An Environmentally Responsible Mobile Washing Company

What does mobile washing have to do with the environment?

Wash water—of any kind—must not be allowed to enter some drains.

Storm drains and sewer drains are NOT the same.

Every city, county, and state has waste water of many types generated by different activities of its residents. There are two types of waste water systems:

  • Sanitary sewer  system – handles all waste water generated from sinks, toilets, showers etc.
  • Storm water system – constructed to handle waste water generated from weather only.

Valley Fleet Clean adhering to strict laws governing washing activities.The main difference between the two distinct systems is that  sewer water is treated and cleaned, and storm water is not. Herein lies the problem.

When washing is done in a parking lot or any outside area, the runoff, if not contained, enters the storm system and therefore is discharged to a body of water, ponding basin, etc., without being treated or cleaned at all.

Because of this issue, authorities have passed laws governing washing activities.

Mobile washing and water runoff is governed by a variety of agencies, depending upon your location. The Environmental Protection Agency, (EPA), a federal agency, is the originator of all such regulations.

Storm Water Discharge Permits

In 1987, The Clean Water Act began requiring that the EPA to issue storm water discharge permits to be administered by each state.  In California, the State Water Resources Control Board elected to adopt a permit covering the whole of California. Every entity, either public or private, is covered under this general permit and compliance is required.

The goals of the permit process are to:

  • Eliminate non-rain discharges to the storm system that may occur as a result of activities such as truck washing, the cleaning of forklifts, containers, loading docks, etc.
  • Seek to eliminate pollutants, (chemicals, spoiled product, and other substances) that may be exposed to rain water and washed down the storm system.

Valley Fleet Clean adhering to strict laws governing washing activitiesThe permit process eliminated the lawful discharge of anything other than uncontaminated rainwater into any storm system. To comply with this permit within the state of California:

  • All wash water from the washing of trucks and other equipment must be diverted from storm drains, recovered, and disposed of into the sanitary sewer system.
  • Areas used for the washing of such equipment must be washed clean.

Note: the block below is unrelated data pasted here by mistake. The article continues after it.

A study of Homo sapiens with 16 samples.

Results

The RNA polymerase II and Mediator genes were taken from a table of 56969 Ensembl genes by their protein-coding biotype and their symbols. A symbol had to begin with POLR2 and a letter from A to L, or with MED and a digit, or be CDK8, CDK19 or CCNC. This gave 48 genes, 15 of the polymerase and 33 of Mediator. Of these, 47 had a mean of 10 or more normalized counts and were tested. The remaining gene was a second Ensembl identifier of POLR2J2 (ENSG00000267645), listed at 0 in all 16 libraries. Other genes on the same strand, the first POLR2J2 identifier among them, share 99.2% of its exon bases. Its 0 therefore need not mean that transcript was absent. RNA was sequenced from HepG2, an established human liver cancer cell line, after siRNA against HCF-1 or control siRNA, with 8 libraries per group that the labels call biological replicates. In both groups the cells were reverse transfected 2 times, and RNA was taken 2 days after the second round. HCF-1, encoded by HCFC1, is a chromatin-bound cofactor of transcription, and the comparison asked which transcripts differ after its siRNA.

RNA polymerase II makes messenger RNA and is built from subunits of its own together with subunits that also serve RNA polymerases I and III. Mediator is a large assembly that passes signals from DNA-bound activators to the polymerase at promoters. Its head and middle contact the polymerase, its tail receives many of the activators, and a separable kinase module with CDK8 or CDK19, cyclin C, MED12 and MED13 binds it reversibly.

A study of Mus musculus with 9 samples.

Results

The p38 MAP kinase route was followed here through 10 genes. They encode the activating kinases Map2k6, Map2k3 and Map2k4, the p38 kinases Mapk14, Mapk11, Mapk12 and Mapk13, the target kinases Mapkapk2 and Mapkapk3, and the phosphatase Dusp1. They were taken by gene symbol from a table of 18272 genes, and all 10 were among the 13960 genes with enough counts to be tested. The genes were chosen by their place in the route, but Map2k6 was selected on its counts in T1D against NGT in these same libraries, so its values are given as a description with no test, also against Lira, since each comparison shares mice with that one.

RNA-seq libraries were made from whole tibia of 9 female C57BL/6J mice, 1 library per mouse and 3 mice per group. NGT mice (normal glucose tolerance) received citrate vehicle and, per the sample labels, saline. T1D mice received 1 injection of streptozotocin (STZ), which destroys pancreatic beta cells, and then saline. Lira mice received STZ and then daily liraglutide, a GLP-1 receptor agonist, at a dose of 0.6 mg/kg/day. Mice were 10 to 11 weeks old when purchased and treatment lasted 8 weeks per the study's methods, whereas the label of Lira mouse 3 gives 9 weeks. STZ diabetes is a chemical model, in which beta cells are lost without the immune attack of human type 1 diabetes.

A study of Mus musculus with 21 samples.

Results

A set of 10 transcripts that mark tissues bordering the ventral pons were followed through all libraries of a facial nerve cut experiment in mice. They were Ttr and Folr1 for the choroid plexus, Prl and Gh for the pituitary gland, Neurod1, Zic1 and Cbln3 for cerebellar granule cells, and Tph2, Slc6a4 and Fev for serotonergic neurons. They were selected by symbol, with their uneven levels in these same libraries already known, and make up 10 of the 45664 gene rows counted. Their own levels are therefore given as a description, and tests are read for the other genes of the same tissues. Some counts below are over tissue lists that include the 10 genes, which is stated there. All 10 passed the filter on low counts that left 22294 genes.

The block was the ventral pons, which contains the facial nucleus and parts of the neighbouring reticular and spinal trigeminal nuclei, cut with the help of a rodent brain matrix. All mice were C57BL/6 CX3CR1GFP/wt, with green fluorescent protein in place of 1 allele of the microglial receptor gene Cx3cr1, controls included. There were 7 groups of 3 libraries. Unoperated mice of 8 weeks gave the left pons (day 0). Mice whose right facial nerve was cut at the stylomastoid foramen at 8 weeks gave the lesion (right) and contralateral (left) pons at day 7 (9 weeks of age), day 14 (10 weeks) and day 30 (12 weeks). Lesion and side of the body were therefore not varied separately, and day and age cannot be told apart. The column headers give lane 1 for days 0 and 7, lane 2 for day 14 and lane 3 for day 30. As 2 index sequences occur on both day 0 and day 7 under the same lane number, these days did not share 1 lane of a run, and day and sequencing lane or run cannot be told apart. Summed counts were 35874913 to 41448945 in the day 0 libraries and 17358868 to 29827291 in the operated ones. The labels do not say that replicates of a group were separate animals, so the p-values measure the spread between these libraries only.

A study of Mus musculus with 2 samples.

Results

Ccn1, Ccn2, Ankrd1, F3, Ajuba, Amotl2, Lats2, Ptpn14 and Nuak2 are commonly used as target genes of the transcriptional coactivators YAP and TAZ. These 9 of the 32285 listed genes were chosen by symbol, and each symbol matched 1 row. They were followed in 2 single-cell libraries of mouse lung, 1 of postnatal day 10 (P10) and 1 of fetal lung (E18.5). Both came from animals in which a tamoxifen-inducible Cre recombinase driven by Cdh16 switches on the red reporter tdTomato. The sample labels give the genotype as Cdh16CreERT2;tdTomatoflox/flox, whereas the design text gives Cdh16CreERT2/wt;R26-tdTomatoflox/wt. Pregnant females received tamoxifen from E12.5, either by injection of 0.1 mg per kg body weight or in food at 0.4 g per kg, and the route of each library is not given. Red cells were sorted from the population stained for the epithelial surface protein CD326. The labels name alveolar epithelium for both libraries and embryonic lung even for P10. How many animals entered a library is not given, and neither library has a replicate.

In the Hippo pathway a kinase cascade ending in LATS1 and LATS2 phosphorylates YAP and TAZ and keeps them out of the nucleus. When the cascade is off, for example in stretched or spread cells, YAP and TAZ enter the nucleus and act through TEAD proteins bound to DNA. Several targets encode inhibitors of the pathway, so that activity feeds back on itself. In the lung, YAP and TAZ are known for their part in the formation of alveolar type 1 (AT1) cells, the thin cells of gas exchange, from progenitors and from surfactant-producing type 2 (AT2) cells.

• Wash area water must then be diverted and recovered.

How We Bring our Business Partners into Compliance with These Laws

Valley Fleet Clean has been at the forefront of addressing the need for environmentally safe and legal mobile washing since these laws were enacted.

There are four elements to our proven environmentally safe wash program:

  • Site Plan—Before any washing begins, we will visit and physically inspect the wash site, noting water flow characteristics, storm water entry points and legal disposal areas (if any). Upon completion of this inspection, you will receive and have an opportunity to review a written site recovery plan specifying the exact methods and procedures to be implemented.
  • Diversion, or drain protection—This can be accomplished in a number of different ways, depending upon the type and number of wash area water entry points. We have numerous types and styles of drain plugs and artificial damming mechanisms.
  • Collection—This is achieved by “vacuuming” pooled water into one of our collection trailers. Our collection equipment does NOT consist of simple “shop vacs” like many mobile wash operators, but rather a custom-designed gasoline-driven vacuum system similar to those used by most septic haulers. This system has the capacity to remove large amounts of liquids quickly and efficiently.
  • Disposal—This can be legally be done in two ways: On-site sanitary sewer disposal or transport to a Valley Fleet Clean site for permitted discharge. It is important to note that when the correct chemicals and processes are used with recovered wash water, it is well within legal limits for unprocessed disposal to a sanitary sewer.